Second Harvest CEO Lori Nikkel tells me that, on average, 58 per cent of the food we produce gets thrown out.

That is completely ridiculous.

Personally, I can’t stand it when the last piece of bread gets mouldy. Wasting food is among my greatest pet peeves, so to learn Canadians are being so wasteful of what is probably the most important resource we have demonstrates just how much we take for granted in this world.

It’s been well-documented that most of history’s famines were not caused by a lack of food. Almost every time the food was there, it just wasn’t accessible because it became too expensive. Here in the North, where a significant amount of people only work seasonally, many can also harvest food off the land to offset the high cost of food. But not everyone is so lucky.

So I’m glad food rescue organizations like Second Harvest exist. Thanks to a one-time $11 million grant from Ottawa, the organization was able to save thousands-upon-thousands of pounds of food and get it to people who need it.

Ottawa should make this a regular program. $11 million is literally a drop in the bucket for a government with a $276 billion budget. Divided among the 27.5 million taxpayers in Canada, that comes to $2.50 from each of us — a paltry investment to ensure no one in this country has to go hungry.

Of course, money talks. So to sweeten the idea further, imagine the job security that would also extend from a regular program such as this. Warehouses that have been frozen in place after the waves of lock downs shuttering restaurants and bars would be able to keep in regular operation. Producers of food, be they farmers, ranchers or greenhouses would also be able to focus on what they love to do instead of wondering if they’ll be in business next year.

Similarly, moving food from warehouses to remote communities would ensure the entire logistical supply chain was able to stay in operation. With that $2.50 from each of us, hundreds of jobs could be saved.

Long-term economic benefits are even greater — it’s a well-known fact among educators that students learn and focus better when they’re well-fed. A nourished student is an educated one, and those educated students are then far better equipped mentally and physically to enter the workforce. If, as our local Children First board members note, every dollar spent on Early Childhood education translates to up to $13 in savings down the line, imagine what $2.50 spent on making sure they are getting the needed nutrients would do.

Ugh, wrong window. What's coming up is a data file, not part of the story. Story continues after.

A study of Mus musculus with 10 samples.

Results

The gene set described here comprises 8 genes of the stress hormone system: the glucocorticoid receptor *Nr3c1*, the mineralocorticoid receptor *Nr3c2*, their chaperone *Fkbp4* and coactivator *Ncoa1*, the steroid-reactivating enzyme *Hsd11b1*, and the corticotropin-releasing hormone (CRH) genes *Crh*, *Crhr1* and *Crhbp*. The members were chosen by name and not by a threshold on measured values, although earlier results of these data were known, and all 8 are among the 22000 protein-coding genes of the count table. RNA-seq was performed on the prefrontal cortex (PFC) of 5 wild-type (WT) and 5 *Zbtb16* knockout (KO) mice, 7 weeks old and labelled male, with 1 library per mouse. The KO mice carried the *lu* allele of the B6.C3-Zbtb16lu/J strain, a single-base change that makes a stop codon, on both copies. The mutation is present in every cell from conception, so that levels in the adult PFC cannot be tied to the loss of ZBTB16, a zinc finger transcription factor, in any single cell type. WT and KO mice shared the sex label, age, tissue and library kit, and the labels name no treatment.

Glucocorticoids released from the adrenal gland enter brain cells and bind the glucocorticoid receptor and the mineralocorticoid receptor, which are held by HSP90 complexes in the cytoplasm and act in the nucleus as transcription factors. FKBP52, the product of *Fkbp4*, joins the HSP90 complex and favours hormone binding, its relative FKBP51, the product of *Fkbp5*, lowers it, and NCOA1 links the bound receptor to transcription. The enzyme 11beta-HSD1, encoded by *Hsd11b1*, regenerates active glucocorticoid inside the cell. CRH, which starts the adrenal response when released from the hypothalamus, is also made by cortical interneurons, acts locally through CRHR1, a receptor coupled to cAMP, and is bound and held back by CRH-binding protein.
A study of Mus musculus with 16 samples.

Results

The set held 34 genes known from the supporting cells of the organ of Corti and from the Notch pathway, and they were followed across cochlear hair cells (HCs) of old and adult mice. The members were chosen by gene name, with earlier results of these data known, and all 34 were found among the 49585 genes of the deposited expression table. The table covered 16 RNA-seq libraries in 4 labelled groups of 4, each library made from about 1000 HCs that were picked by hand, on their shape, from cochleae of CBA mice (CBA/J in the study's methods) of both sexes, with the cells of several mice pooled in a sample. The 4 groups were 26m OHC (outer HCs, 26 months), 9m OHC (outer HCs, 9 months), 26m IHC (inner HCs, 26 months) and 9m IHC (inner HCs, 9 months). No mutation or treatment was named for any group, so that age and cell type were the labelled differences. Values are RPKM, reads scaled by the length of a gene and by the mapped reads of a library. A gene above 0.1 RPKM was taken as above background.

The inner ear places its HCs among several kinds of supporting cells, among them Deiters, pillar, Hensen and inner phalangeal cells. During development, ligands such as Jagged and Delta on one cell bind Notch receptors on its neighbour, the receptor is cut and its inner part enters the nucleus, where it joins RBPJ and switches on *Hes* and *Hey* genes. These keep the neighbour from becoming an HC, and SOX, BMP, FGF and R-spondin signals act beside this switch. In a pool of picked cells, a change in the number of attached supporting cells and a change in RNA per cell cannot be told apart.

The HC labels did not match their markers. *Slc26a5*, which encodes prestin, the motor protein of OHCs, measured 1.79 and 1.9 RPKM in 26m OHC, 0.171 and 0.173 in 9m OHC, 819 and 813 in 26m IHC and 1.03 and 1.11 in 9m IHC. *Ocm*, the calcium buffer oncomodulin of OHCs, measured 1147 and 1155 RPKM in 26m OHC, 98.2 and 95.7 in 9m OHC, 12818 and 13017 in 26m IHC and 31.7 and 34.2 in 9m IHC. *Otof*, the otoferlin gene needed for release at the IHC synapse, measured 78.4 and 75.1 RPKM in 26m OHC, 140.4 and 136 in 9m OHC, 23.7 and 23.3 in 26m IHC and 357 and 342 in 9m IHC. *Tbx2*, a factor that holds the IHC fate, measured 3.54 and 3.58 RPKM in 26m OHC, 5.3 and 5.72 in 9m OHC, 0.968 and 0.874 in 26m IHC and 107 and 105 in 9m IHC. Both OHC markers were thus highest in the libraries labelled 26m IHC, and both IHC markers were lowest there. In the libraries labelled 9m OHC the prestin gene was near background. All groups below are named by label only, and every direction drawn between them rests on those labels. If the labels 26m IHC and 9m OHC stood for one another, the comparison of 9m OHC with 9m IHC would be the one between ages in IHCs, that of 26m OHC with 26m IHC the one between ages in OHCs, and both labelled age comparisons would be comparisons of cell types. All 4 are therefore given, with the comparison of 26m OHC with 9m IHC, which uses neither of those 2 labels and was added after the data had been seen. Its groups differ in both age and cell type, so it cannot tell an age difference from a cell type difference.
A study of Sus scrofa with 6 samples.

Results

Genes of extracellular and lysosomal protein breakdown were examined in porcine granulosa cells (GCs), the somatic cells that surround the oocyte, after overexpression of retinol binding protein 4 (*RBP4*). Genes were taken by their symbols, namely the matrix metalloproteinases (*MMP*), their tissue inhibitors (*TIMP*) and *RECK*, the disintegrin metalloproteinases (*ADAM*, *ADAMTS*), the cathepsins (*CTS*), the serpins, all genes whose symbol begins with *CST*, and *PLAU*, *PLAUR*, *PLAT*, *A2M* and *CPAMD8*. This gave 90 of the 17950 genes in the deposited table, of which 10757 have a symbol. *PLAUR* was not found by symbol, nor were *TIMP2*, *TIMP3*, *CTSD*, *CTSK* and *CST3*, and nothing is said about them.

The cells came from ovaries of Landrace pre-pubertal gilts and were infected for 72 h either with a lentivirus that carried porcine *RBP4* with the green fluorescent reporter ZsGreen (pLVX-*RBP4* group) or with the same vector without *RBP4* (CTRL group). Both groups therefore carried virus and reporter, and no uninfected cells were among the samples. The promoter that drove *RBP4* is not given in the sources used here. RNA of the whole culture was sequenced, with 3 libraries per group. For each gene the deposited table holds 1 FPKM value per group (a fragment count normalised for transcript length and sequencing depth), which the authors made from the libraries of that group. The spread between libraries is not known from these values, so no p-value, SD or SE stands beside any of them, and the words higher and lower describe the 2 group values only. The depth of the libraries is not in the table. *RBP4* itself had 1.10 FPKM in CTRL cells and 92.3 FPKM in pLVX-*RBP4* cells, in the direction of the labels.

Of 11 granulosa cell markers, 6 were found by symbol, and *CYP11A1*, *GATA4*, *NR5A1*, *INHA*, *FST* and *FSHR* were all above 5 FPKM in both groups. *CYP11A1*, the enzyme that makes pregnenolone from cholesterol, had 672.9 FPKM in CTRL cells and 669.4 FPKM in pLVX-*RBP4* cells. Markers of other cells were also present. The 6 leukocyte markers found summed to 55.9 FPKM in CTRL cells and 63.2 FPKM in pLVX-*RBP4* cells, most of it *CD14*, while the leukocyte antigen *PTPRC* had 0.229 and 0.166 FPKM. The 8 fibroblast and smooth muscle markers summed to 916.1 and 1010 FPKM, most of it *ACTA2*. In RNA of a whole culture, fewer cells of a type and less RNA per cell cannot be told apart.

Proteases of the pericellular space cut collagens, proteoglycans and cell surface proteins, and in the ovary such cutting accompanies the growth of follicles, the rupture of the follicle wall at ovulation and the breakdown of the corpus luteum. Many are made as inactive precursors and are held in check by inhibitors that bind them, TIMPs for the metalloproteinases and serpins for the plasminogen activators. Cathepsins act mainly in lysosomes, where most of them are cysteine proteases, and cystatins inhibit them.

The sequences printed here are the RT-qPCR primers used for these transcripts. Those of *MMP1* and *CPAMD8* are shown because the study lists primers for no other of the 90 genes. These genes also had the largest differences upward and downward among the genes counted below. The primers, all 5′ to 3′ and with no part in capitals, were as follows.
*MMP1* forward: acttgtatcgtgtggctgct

A program like this, coupled with the amazing produce output of greenhouses like the one we have here in Inuvik, could solve a great deal of food security issues across Canada. Ottawa should be making this a number one priority.

Canadians take a great deal of pride in their food, whether we’re talking about Alberta beef, Nova Scotia lobster or Northern caribou.

We can do better with our pride than throw 58 per cent of it away.


A lover of knowledge and adventure, Eric Bowling jumped at the opportunity to write for the Inuvik Drum and to see the world from a totally different vantage point. He has covered just about everything...


  2. Mr. Bowling, like you I hate to throw food out, I could not afford to throw out 58% food is expensive. I am curious as to where you found your numbers of people working in Canada? The last numbers I could get were that only 17+ million Canadians were actually working including full and part time jobs. Now with our Liberal government shutting down as much as they have in Alberta, Canada’s biggest tax paying Province and last I read 850 billion+ dollars in private sector businesses have left Alberta and they are in debt Provincially. Ontario where I live many private sector businesses left are energy costs soared, when the Provincial Liberal Government decided it would go “green” thousands of wind turbines and solar panels from Asia installed by Asians and we now have a 400+billion debt Provincially and expensive intermittent green power, at less than 5% backed up by the cheaper sources hydro, nuclear and natural gas which is 95% of our hydro, and our now Conservative government is trying to get costs down and coaxing businesses to come back etc. etc. But of the supposed 38+ million Canadians now but if you add up our really expensive “free” health Cards per Province were supporting over 45+ million people (new immigrants, and students from out of Canada). Public sector jobs are better paying and more numerous than private sector jobs are now. In my city the Hospitals are the biggest public high paying government employer, while in the private sector here Walmart is the biggest employer. I worked my whole life 20 years in a hospital self employed on our farm my husband also self employed and we both paid over a million dollars in tax a year and employed people who paid taxes but that all ended in the 1990’s because we were going broke after the GST and more red tape closed us after years of very heavy workloads, I am now retired, my husband passed in 2000, my children are in their 40’s and 50’s and starting to struggle financially especially now with many businesses closed due to covid19 and will they be able to reopen? So really how many people are really employed in the private sector and those businesses which is where the government really gets money from the public sector they are paying and if you are watching the Federal government is now over a trillion dollars in debt with interest payments in the billions. How much longer can we Canadians live on like this?